Decision making may be clouded by hormone surges, according to new study.
Citing John Maynard Keynes “animal spirits” and Alan Greenspan and Robert Shiller’s uses of the phrase “irrational exuberance”, a study appearing in Scientific Reports suggests hormonal surges could lead to financial market instability. Researchers injected cortisol or testosterone in young men and simulated an asset trading game, and found the subjects moving towards riskier assets.
The simulations had real monetary incentives, and were designed to measure risk-taking in quick decision models predicting price movements. Cortisol, the “fight-or-flight” hormone, strongly influenced greater trading activity in men, the study found, while women had a slightly negative downward trading correlation. Both cortisol and testosterone were associated with “high variance” stocks — those with wider price movements. Further, the injections weren’t measured to indicate higher trading in low variance stocks. The study attempted to control for learning and price expectations.
Acknowledging the “highly stressful and competitive” environments in financial trading environments, the study first attempted to measure increased stress simply through simulation, and created other measurements with exogenous hormone application. Prior studies attempted to correlate stress hormone levels with actual trading outcomes. In a press release, co-author Carlos Cueva noted: “Our view is that hormonal changes can help us understand traders’ behavior, particularly during periods of financial instability.” Dr. Cueva is a economics professor at the Universidad de Alicante in Spain.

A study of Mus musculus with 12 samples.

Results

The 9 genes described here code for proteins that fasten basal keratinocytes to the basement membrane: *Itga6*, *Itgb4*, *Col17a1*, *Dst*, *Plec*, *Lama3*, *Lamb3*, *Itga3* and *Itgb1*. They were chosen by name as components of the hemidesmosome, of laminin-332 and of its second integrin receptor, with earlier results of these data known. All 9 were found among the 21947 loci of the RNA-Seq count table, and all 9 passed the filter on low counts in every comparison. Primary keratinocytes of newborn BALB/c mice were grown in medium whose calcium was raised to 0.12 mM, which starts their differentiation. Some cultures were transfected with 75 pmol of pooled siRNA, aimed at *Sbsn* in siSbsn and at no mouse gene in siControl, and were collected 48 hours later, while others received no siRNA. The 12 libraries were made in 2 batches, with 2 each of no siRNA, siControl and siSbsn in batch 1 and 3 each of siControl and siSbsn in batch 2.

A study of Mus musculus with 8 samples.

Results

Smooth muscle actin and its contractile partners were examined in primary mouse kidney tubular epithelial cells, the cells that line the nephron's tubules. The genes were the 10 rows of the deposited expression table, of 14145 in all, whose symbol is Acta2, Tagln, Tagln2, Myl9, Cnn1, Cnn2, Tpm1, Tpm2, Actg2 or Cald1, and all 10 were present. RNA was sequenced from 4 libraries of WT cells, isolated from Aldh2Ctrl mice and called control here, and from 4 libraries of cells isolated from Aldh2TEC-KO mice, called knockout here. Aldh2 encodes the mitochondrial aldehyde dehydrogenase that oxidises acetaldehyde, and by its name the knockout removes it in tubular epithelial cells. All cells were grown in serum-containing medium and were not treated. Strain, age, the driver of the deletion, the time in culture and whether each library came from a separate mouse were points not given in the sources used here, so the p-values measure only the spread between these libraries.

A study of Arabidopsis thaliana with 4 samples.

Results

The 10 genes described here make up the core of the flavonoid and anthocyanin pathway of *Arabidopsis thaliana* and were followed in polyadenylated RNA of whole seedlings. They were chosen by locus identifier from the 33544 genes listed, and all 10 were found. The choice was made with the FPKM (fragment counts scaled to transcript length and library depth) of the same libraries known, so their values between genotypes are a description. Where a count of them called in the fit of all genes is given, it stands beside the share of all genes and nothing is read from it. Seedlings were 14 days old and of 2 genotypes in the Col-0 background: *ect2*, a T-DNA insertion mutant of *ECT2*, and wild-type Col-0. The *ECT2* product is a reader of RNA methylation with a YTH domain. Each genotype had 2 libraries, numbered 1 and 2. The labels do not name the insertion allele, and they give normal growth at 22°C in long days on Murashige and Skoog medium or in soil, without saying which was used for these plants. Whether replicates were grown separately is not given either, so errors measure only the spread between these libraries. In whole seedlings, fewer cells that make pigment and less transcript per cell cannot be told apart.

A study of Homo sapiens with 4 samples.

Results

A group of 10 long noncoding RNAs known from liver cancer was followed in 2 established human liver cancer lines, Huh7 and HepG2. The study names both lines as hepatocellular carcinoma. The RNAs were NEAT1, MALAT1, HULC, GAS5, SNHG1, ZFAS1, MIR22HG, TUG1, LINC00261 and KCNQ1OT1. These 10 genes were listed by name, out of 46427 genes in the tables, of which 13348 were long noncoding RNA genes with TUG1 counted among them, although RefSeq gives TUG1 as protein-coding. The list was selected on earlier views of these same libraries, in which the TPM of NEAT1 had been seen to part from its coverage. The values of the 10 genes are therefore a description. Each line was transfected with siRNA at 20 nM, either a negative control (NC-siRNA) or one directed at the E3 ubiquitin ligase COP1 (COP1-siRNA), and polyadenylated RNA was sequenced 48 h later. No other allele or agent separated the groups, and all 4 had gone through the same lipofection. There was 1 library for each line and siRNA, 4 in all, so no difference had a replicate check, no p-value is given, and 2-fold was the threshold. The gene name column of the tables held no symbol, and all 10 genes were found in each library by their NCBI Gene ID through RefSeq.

The study found no increase in trading in multi-person simulations due to the testosterone injections, although the authors speculated an overly simple test design and small sample sizes impacted the findings. They did, however, see higher risk taking, as measured through placing larger investments on riskier stocks. The testosterone portion of the study was male-only.
Cortisol, the study’s authors concluded, “appears to affect risk preferences directly, whereas testosterone operates by inducing increased optimism about future price changes”, and speculated on how much the trader’s decision making were directly leading to “risky” behavior.
“Our results suggest that changes in both cortisol and testosterone could play a destabilizing role in financial markets through increased risk taking behavior, acting via different behavioral pathways.”
“Our aim is to understand more about what these hormones do,” Ed Roberts, PhD, said in the release. Dr. Roberts is from the Division of Brain Sciences and the Department of Medicine at the Imperial College in London.